Worship Experts on the Theology Behind Bethel Music’s Chart-Topping Song ‘Reckless Love’


“Reckless Love” reached No. 1 for Christian airplay last week, with more than 10 million listeners, according to Nielsen Music.

It’s also back at the top of Billboard’s hot Christian songs chart, thanks to a boost from none other than Justin Bieber, who recently posted a clip of himself singing the chorus on Instagram before performing the song as part of an impromptu worship set during the Coachella music festival in California. Earlier this year, Israel Houghton offered his gospel cover.

But when worship songs make it big, they also get subjected to a degree of theological scrutiny, and some have questioned whether the message of the hit song misrepresents the nature of God’s love.

“A lot of people have asked why I use the word ‘reckless’ to describe the love of God,” Asbury said in a Bethel Music promo. “I see the love of God as something wild, insane, crazy. The way that he pursues, chases us down, loves, I believe, is reckless. We were going after that really furious, violent language to speak of the nature of the love of God.”

Back in the ’90s, Rich Mullins sang about the “the reckless raging fury that they call the love of God.” Similarly, in the worship song “Furious,” Jeremy Riddle, also of Bethel Music, describes God’s love as “furious,” “fierce,” and “wild.”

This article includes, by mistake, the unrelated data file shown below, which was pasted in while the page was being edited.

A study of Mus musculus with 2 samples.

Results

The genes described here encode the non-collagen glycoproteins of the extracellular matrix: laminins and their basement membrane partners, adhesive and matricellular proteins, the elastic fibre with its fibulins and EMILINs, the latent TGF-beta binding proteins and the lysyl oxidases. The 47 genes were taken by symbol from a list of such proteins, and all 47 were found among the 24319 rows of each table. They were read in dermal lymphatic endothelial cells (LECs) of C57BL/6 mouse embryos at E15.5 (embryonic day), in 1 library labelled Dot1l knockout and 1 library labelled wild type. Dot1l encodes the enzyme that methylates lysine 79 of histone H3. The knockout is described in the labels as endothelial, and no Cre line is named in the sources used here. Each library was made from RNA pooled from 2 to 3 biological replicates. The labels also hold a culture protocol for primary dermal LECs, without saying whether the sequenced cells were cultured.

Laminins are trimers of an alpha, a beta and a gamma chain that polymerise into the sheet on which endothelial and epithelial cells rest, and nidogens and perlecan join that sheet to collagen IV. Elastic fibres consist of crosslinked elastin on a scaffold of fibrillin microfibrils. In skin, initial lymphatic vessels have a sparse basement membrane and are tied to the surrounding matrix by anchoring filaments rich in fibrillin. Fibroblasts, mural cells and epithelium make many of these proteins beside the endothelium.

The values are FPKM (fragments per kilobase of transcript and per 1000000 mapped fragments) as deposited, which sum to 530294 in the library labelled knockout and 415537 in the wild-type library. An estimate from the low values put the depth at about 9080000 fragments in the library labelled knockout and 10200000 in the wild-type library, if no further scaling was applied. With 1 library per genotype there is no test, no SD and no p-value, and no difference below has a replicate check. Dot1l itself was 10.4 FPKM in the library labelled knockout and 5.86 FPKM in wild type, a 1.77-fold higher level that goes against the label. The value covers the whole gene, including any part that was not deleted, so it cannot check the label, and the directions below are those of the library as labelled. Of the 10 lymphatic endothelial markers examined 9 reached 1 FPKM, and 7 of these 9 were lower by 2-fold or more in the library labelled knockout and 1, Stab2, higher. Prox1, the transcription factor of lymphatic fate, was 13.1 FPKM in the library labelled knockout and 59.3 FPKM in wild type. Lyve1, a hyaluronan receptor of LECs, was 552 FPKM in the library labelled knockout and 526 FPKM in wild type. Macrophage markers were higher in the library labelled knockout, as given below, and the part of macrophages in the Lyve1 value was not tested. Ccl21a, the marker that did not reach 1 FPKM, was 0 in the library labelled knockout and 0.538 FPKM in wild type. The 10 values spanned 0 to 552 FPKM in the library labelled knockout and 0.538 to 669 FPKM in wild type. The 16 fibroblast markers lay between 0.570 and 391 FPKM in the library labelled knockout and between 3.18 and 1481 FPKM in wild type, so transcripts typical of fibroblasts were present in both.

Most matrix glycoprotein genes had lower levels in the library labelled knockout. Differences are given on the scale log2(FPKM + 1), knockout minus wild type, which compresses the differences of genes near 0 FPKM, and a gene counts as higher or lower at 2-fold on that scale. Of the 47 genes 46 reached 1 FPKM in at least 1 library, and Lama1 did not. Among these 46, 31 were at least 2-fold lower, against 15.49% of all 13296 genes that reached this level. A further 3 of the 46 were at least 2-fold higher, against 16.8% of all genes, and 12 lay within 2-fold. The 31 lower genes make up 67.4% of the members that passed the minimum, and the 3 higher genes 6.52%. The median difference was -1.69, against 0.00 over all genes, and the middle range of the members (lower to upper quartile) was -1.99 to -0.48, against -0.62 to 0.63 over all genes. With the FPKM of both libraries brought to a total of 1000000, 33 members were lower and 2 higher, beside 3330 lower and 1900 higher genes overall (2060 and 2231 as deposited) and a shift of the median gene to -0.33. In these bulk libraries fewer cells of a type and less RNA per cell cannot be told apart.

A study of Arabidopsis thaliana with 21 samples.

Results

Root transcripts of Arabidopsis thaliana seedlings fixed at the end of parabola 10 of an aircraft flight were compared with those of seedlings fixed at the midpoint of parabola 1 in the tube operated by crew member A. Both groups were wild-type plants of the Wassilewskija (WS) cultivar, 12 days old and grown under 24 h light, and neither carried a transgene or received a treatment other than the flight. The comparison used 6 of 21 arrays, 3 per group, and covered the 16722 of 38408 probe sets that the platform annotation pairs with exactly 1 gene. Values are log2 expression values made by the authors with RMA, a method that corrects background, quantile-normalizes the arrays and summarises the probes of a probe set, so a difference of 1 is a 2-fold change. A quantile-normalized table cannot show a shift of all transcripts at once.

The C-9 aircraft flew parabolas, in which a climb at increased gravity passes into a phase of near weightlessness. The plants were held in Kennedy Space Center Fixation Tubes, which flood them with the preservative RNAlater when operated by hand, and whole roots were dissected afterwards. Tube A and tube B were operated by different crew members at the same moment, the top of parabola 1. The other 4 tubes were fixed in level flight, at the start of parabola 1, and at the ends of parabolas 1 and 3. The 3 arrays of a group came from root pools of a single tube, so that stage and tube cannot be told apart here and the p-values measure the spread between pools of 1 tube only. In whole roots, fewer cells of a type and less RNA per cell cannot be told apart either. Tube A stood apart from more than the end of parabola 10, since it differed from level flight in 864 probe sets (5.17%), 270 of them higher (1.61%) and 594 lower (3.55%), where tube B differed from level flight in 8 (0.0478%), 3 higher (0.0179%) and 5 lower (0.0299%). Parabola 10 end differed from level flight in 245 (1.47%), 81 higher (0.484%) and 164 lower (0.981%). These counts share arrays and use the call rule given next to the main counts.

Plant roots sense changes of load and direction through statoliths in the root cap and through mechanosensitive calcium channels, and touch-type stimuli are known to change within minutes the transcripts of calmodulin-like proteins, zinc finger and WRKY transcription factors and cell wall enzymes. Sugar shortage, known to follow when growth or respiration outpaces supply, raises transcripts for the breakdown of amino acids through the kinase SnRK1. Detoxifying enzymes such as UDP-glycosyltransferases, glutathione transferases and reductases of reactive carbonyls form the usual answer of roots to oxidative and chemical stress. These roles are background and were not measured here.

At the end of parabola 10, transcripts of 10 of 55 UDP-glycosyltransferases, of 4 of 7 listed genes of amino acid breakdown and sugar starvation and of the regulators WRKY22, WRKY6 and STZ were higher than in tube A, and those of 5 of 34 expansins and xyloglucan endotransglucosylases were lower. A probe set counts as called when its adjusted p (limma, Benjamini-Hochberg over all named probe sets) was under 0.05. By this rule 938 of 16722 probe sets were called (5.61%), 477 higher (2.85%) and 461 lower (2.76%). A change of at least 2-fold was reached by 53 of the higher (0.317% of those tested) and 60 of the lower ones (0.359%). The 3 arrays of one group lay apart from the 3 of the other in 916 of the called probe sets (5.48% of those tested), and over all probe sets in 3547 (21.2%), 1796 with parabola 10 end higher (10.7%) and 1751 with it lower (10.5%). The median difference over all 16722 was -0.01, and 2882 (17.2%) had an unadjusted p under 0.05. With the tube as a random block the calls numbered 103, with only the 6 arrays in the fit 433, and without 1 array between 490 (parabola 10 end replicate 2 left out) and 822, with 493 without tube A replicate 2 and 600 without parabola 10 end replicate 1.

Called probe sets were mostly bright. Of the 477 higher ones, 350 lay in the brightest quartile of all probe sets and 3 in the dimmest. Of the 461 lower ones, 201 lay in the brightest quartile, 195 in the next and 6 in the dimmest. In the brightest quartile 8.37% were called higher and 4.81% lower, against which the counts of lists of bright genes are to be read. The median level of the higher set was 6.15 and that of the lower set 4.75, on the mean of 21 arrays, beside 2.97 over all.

About a decade ago, Christians were debating John Mark McMillan’s “How He Loves”over the line “heaven meets earth like a sloppy wet kiss.” More recently, concerns over the “wrath of God,” as sung in the hymn “In Christ Alone,” led certain churches to alter the verse or stop singing the song altogether.

The chorus of “Reckless Love,” co-written by Asbury as well as Caleb Culver and Ran Jackson with Bethel Music, goes:

O, the overwhelming, never-ending, reckless love of God

O, it chases me down, fights ’til I’m found, leaves the ninety-nine

I couldn’t earn it, and I don’t deserve it, still, you give yourself away

O, the overwhelming, never-ending, reckless love of God, yeah

The song unofficially debuted last year from Bethel Music before becoming the lead single off Asbury’s album of the same name, which released in January.

The singer explained, “When I use the phrase, ‘the reckless love of God,’ I’m not saying that God himself is reckless. I am, however, saying that the way he loves, is in many regards, quite so.”

Assemblies of God minister and theologian Andrew Gabriel pushed back against the distinction, saying that “you can’t separate God from his attributes.” In a blog postaddressing “Reckless Love,” he stated that “God loves us with clear and thoughtful intention,” not careless abandon. Even the parable of the lost sheep does not necessarily convey irresponsibility since scholars say shepherds routinely watched each other’s flocks if one went away, he said.

Blogger Paul Yoo similarly made the case that the Bible does not portray such a free-wheeling Savior: “God’s love seems reckless because he is so unconcerned about himself or his well-being in the way he loves. However…the whole Bible shows us that God is not unconcerned with himself but is ultimately for himself.”